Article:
Don’t start something with an escape route.

Posted: March 9, 2011 in Uncategorized
Squeeze out the fear, because otherwise the fear will just paralyze you.
–Lewis Pugh

As for any new challenge, you have to get your head in the right place before you begin.  This is important:  If you go into something thinking of a “Plan B”, or an “escape route”, you are not fueling your mind to help your body. 

The mind-body connection is strong.  Feed it… fuel it… with the right thoughts, and you will finish!  However, if you enter a race thinking: “If I can’t run the whole thing I can always walk to the end”, you’re doing yourself a disservice.  Even during a training run, if you set out to do a 10-mile loop, but think: “I can always turn around at mile 3 for a shorter run”… you are setting yourself up to fall short of your goal.  Mentally and physically.

One of the best pieces of advice I have heard on this topic is from an interview with Lewis Pugh.  see link below:

Here’s a section from Lewis’ interview:

As he was about to dive into the Arctic, he says, that mental attitude came into play. “The most immediate thing you have to do is to just squeeze out the fear, because otherwise the fear will just paralyze you. And then commit 100 percent…. I wanted to swim a kilometer across the North Pole. And I wanted to do it to demonstrate graphically to the world what was happening in the Arctic, because the North Pole should be frozen over.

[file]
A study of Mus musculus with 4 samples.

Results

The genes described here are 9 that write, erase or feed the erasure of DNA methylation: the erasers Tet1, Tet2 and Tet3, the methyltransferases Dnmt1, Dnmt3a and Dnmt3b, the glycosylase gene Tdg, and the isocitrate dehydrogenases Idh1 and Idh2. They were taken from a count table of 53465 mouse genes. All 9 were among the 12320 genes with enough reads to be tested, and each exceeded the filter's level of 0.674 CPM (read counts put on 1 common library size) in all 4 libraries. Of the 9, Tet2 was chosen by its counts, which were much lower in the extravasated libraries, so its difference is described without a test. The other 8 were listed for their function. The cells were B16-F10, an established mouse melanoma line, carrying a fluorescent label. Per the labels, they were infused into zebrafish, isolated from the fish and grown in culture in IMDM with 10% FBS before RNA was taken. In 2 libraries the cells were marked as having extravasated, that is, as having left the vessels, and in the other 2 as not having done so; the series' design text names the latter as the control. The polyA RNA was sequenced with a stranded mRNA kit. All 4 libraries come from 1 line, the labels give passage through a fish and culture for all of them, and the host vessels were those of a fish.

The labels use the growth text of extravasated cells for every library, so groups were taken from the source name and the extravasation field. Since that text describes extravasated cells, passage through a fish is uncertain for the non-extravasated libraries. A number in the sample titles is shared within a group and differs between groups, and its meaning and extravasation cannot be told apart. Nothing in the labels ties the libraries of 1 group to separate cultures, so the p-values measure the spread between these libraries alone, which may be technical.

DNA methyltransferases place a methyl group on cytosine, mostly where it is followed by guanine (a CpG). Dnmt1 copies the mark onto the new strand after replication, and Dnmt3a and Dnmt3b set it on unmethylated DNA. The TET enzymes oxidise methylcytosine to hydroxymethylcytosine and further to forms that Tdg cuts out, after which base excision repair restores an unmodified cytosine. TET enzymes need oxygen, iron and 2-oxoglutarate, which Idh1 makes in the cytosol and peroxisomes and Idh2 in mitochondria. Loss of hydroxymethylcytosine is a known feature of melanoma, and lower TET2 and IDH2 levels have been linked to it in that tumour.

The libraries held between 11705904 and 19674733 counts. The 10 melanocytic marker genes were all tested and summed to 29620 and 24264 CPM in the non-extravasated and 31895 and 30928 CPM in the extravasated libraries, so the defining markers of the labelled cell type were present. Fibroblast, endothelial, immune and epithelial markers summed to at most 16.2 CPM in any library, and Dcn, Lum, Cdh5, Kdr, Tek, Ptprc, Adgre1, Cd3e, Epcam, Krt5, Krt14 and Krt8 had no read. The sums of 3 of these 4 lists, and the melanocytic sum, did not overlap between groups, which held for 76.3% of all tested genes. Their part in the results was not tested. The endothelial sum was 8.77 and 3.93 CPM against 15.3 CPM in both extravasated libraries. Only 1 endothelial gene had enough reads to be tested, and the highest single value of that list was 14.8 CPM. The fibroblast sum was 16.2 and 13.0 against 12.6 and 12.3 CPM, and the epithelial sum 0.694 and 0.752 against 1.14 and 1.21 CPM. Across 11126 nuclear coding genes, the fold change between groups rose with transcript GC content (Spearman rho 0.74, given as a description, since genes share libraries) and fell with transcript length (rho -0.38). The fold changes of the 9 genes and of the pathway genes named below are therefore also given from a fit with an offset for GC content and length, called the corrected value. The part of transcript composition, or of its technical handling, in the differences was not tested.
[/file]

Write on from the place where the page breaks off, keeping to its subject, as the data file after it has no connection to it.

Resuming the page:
“I remember thinking to myself, if things go bad, I’ll get out after 500 meters…if you think about a swim like that, that’s the worst way of thinking. What you’re doing is confusing your subconscious, because you’re planning for victory and defeat at the same time.

“So the only way I could get into that water was to get as aggressive as possible — not wild aggression, controlled aggression — and to get really focused, and then commit 100 percent to doing the full kilometer and then just dive in, go for it.”

“I just never, ever want to give up. Most battles are won in the 11th hour, and most people give up,” he says. “If you give up once, it’s quite hard. If you give up a second time, it’s a little bit easier. Give up a third time, it’s starting to become a habit.”

Pugh is planning for another epic challenge, but he won’t say what it will be. The only hint he will give is that it will dramatize a threat to another of the world’s major ecosystems.